I made a remark recently on the blog that in reading William Kristol and Robert Kagan’s essay “Toward a Neo-Reaganite Foreign Policy” I had forgotten that their main point seemed to be that Americans needed war to realize who they were as a nation. Okay, Teddy Roosevelt said that too–I don’t think Reagan made that argument, but that was beside the point to the two K’s.
I have also been looking at the 2000 presidential and vice-presidential debates and was stuck that basically the only point that Bush-Cheney went after Gore on was Clinton’s relationship to the military. Cheney took on took this position with relish, reminding his audience in the only debate he had with Joseph Lieberman that as a former Secretary of Defense, Cheney was especially sensitive to the way America should treats its troops.
“There is no more important responsibility for a President of the United States than his role as Commander in Chief,” Cheney counseled, “[particularly] when he decides when to send our young men and women to war.” Even though the upper levels of the military had few problems with Clinton’s people, the neocons had circulated the idea that Bill Clinton and his administration did not appreciate the military as the symbol of American patriotism but rather used it as a force to dole out government aid. “When we send them without the right kind of training, when we send them poorly equipped or with equipment that’s old and broken down, we put their lives at risk,” Cheney said. “We will suffer more casualties in the next conflict if we don’t look to those basic problems now. This administration has a bad track record in this regard, and it’s available for anybody who wants to look at the record and wants to talk to our men and women in uniform, and wants to spend time with the members of the Joint Chiefs.”
Using the military as a wedge issue, it seems to me, contained an irony. At least, I would like to know if my observation seems reasonable to others. The Clinton administration had lost fewer troops during its eight years in office than any previous eight year period since the end of World War II. Thus, Cheney’s charge made little sense in light of the reality that the military’s image had actually improved in large part because Clinton’s foreign policy had avoided ground wars and, instead, killed from the skies. And while Bush-Cheney went after the Clinton-Gore foreign policy of fighting “humanitarian wars,” such efforts had created an image of American troops doing relative good across the world. Ironically, then, Clinton’s policies allowed Bush, Cheney, and the neocons to use the military as a unique expression of American virtue–as the embodiment of American civil religion.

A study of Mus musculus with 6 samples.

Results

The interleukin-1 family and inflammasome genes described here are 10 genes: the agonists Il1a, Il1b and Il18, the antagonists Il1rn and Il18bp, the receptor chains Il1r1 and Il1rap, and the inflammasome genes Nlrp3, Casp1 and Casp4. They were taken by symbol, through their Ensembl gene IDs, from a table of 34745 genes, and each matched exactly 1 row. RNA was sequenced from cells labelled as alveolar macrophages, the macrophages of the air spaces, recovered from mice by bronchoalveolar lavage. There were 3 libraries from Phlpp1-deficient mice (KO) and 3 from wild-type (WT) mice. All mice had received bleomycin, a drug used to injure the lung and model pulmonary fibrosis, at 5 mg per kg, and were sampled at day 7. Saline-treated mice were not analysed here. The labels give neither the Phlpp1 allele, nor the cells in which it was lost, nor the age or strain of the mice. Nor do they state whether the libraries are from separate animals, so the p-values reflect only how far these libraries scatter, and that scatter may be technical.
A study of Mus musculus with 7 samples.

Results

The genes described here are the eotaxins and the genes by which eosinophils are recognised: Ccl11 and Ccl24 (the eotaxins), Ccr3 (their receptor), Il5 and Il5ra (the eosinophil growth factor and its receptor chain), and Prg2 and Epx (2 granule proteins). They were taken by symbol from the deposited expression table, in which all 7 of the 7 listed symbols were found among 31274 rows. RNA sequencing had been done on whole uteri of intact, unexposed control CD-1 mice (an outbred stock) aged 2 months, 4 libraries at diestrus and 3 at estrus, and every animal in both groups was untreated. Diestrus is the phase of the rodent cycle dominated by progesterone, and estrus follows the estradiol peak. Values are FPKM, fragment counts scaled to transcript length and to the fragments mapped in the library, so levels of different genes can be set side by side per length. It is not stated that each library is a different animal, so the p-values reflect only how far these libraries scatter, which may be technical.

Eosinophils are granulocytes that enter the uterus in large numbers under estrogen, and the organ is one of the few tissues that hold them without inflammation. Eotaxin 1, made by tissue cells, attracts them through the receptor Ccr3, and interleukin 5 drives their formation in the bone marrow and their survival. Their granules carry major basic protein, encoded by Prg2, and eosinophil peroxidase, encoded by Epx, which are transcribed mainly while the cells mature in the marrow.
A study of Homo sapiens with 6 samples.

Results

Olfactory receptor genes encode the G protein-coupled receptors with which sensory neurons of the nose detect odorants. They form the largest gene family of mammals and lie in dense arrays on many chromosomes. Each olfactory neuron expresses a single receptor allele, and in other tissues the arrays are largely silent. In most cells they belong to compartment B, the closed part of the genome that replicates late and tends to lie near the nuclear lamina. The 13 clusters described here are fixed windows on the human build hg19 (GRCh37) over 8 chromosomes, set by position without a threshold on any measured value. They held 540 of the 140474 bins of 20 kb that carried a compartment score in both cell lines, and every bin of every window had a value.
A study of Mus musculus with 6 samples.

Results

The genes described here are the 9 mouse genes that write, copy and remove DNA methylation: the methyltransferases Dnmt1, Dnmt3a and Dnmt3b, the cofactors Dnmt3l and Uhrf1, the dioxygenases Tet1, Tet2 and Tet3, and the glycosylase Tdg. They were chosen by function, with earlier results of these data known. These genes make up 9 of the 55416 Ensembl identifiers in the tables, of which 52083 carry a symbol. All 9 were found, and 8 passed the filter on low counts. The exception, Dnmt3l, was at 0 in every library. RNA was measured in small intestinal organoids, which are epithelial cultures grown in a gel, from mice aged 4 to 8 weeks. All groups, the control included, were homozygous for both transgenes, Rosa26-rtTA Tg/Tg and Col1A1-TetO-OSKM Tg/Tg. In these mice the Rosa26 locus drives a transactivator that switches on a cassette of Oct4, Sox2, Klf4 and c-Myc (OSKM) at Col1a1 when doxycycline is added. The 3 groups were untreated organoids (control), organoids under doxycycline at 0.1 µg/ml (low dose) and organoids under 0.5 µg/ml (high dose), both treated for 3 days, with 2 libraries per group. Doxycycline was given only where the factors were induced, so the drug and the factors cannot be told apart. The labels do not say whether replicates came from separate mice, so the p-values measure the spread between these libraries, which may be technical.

Rather than use the troops to promote an American civil religion, Clinton had pushed the military into the culture wars with his bungled policy of “Don’t Ask, Don’t Tell.” The perception that Clinton (and Gore) had disrespected the military had grown among the rank-and-file in part because of this controversy. Of course, both the left and the right hit Clinton hard for his “moral” failure to do right by anyone in that situation. And the fiasco in Somalia only served to taint further Clinton’s record as Commander in Chief.
But am I correct in assessing Clinton’s larger legacy? By the end of Clinton’s second term, as popular support for the military far out-paced all other institutions, it had actually been Clinton’s use or non-use of troops that made it possible for the neocons and, more particularly, the Bush-Cheney team to employ the military as a political tool. And if this is the case, did Clinton’s relative success create a hubris that Bush-Cheney elevated to a global policy, as Peter Beinart has recently argued in The Icarus Syndrome?
In short, is there an irony at the heart of the relationship between Clinton’s wars and Bush-Cheney leaps of faith?